Sask 1, Alberta 0 in beer war
August 23, 2017 10:52 am
Saskatchewan’s Acting Minister Responsible for Trade Dustin Duncan is calling a ruling against the Government of Alberta’s system of beer mark-ups a big win for free trade within Canada.
A panel set up under the Agreement on Internal Trade confirmed the Alberta government’s current rebate program for small Alberta brewers as well as the program it had in 2015 discriminated against brewers from other provinces and was contrary to that province’s free trade obligations. The panel has given the Alberta government six months to change its policy. However, the Alberta government is appealing the decision. The appeal process could take up to seven months.
“Our government has been a champion of eliminating trade barriers between the provinces and Alberta’s rebate program has been a de facto barrier,” Duncan said. “By contrast, our province provides a graduated mark-up rate for small breweries, regardless of origin, and does not discriminate between Saskatchewan and out-of-province breweries when applying its mark-up.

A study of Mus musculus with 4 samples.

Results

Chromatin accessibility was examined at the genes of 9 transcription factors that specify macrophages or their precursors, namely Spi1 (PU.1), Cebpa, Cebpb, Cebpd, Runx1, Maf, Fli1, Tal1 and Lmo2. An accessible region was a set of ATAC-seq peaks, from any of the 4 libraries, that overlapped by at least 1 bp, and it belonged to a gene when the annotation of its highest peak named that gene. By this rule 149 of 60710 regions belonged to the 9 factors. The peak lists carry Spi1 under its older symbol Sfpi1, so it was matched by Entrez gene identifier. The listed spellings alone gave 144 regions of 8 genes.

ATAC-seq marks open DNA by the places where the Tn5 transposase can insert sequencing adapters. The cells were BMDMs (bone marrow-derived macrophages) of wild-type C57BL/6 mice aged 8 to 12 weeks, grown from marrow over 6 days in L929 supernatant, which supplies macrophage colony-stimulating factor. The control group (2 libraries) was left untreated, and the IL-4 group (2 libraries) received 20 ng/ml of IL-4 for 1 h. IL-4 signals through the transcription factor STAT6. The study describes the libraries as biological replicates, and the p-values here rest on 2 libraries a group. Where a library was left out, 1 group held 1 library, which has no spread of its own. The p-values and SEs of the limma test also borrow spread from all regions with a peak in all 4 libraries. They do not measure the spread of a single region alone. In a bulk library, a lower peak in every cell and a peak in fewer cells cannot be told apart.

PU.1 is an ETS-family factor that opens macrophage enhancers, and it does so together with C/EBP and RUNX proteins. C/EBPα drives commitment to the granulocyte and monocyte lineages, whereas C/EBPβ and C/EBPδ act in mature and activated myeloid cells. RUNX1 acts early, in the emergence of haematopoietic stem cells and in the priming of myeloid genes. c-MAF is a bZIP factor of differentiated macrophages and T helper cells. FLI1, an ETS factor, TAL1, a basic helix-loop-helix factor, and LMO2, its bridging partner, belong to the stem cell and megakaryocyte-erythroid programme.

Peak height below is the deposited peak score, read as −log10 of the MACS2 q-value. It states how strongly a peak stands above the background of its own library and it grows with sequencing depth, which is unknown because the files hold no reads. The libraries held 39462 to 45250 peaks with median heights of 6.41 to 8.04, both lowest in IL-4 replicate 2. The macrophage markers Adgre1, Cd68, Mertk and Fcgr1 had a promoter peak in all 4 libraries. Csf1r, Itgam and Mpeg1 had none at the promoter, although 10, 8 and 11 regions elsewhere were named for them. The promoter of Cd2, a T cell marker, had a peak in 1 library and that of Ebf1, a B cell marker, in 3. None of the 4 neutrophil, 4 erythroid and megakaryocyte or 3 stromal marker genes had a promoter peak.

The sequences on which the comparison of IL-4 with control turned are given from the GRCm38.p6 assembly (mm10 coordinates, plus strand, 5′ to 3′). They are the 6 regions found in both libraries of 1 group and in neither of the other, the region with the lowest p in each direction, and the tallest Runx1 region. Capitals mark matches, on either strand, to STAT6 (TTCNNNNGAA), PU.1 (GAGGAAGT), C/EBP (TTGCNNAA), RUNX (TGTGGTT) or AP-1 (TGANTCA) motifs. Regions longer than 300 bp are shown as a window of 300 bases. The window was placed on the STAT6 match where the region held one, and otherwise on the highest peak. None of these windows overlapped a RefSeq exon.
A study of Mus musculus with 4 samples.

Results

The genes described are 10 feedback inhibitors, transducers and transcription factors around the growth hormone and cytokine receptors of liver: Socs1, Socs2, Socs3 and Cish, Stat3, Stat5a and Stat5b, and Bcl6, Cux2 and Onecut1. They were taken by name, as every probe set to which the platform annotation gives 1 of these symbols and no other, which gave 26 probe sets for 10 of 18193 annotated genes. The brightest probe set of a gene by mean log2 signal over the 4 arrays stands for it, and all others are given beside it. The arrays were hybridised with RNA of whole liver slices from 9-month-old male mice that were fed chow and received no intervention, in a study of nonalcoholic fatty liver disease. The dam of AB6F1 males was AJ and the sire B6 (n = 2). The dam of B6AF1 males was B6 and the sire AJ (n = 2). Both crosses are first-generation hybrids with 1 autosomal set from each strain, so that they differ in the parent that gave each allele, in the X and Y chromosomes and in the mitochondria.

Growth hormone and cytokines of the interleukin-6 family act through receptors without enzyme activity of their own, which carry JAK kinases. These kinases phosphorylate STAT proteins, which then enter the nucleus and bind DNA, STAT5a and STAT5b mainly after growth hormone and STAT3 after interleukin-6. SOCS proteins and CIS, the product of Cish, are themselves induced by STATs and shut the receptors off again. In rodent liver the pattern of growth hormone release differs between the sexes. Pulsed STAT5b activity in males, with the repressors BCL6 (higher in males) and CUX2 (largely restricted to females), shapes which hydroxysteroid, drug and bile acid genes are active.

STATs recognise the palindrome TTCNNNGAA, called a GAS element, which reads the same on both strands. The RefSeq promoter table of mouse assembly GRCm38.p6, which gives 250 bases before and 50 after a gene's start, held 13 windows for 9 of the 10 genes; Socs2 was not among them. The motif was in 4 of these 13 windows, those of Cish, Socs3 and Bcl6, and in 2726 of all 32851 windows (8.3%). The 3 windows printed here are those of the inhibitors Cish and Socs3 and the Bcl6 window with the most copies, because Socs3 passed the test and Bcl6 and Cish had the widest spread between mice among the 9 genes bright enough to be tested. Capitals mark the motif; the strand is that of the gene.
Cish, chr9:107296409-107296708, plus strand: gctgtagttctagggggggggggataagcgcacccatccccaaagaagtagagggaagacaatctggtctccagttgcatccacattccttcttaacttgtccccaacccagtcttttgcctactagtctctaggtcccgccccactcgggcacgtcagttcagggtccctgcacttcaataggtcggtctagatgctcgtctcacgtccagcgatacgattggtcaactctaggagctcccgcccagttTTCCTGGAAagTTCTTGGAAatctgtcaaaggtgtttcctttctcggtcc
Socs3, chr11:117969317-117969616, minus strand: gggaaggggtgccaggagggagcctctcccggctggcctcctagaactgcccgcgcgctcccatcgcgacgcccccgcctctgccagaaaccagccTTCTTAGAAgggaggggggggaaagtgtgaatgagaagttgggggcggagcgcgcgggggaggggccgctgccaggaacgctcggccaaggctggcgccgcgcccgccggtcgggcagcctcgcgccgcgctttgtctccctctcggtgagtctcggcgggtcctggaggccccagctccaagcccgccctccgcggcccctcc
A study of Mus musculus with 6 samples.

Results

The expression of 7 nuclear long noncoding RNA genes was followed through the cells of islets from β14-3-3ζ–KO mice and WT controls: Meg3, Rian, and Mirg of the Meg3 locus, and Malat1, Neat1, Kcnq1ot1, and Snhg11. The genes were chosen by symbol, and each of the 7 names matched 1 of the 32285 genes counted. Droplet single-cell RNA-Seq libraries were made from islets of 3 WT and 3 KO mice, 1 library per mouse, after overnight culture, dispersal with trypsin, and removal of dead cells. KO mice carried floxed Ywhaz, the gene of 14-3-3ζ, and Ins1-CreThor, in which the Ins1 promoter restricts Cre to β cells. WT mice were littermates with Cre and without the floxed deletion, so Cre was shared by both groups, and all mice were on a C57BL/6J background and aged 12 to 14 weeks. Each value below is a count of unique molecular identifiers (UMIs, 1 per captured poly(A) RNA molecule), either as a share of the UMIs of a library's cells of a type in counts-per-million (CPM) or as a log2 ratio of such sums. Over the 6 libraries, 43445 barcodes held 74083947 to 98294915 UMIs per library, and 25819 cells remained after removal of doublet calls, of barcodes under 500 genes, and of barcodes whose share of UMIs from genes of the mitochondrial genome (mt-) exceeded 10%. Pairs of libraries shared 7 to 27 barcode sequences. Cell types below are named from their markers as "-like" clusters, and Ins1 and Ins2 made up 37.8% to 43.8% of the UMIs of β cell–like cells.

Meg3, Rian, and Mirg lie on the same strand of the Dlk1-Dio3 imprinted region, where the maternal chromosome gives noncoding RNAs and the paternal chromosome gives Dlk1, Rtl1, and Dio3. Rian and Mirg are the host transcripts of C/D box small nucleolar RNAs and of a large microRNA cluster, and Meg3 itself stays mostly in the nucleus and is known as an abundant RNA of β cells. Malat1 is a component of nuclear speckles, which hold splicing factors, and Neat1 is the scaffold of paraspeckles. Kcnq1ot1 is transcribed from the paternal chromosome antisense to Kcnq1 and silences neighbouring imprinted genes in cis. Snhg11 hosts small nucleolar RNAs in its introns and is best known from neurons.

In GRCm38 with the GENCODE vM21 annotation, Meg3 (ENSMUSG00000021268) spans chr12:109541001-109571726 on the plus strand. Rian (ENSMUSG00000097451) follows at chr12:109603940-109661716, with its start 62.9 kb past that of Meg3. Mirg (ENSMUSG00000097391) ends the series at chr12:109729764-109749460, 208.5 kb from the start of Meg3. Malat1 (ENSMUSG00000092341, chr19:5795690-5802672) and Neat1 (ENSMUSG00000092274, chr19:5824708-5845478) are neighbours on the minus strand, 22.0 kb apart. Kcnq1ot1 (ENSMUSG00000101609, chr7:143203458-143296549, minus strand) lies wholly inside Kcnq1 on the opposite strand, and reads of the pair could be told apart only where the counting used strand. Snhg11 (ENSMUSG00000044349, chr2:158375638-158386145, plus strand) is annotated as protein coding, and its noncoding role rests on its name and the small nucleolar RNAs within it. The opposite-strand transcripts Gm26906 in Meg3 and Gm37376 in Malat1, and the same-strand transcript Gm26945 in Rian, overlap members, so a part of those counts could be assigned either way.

“The panel decision supports a level playing field for beer, which is good for Alberta consumers and the Canadian craft beer industry generally. We are disappointed Alberta has decided to appeal the ruling. It needs to do the right thing and comply with the ruling.”
In August 2016, the Alberta government moved to one standard beer mark-up of $1.25 per litre regardless of company size, location or level of production. However, that policy change also came with grants to small, Alberta-based producers that effectively offset the new mark-up.
Artisan Ales, a Calgary-based beer importer, successfully argued before the panel that the rebate program discriminated against the beer it brought in from other provinces and had a major negative impact on its business. The Saskatchewan government supported Artisan Ales’ complaint as an intervener in the dispute. Saskatoon-based Great Western Brewing was also concerned about the Alberta government’s mark-up policy and preferential rebate program for Alberta-based brewers.
“Alberta is a substantial market for our products and their policy clearly puts our business at a competitive disadvantage based solely on the fact we manufacture our products in Saskatoon and not in Edmonton or Calgary,” Great Western Brewing CEO Michael Micovcin said. “Government-created trade barriers like this hurt business and the overall economy.”
Duncan noted that the Saskatchewan government will again vigorously defend Canadian interests in an appeal process and he is confident the original ruling will prevail.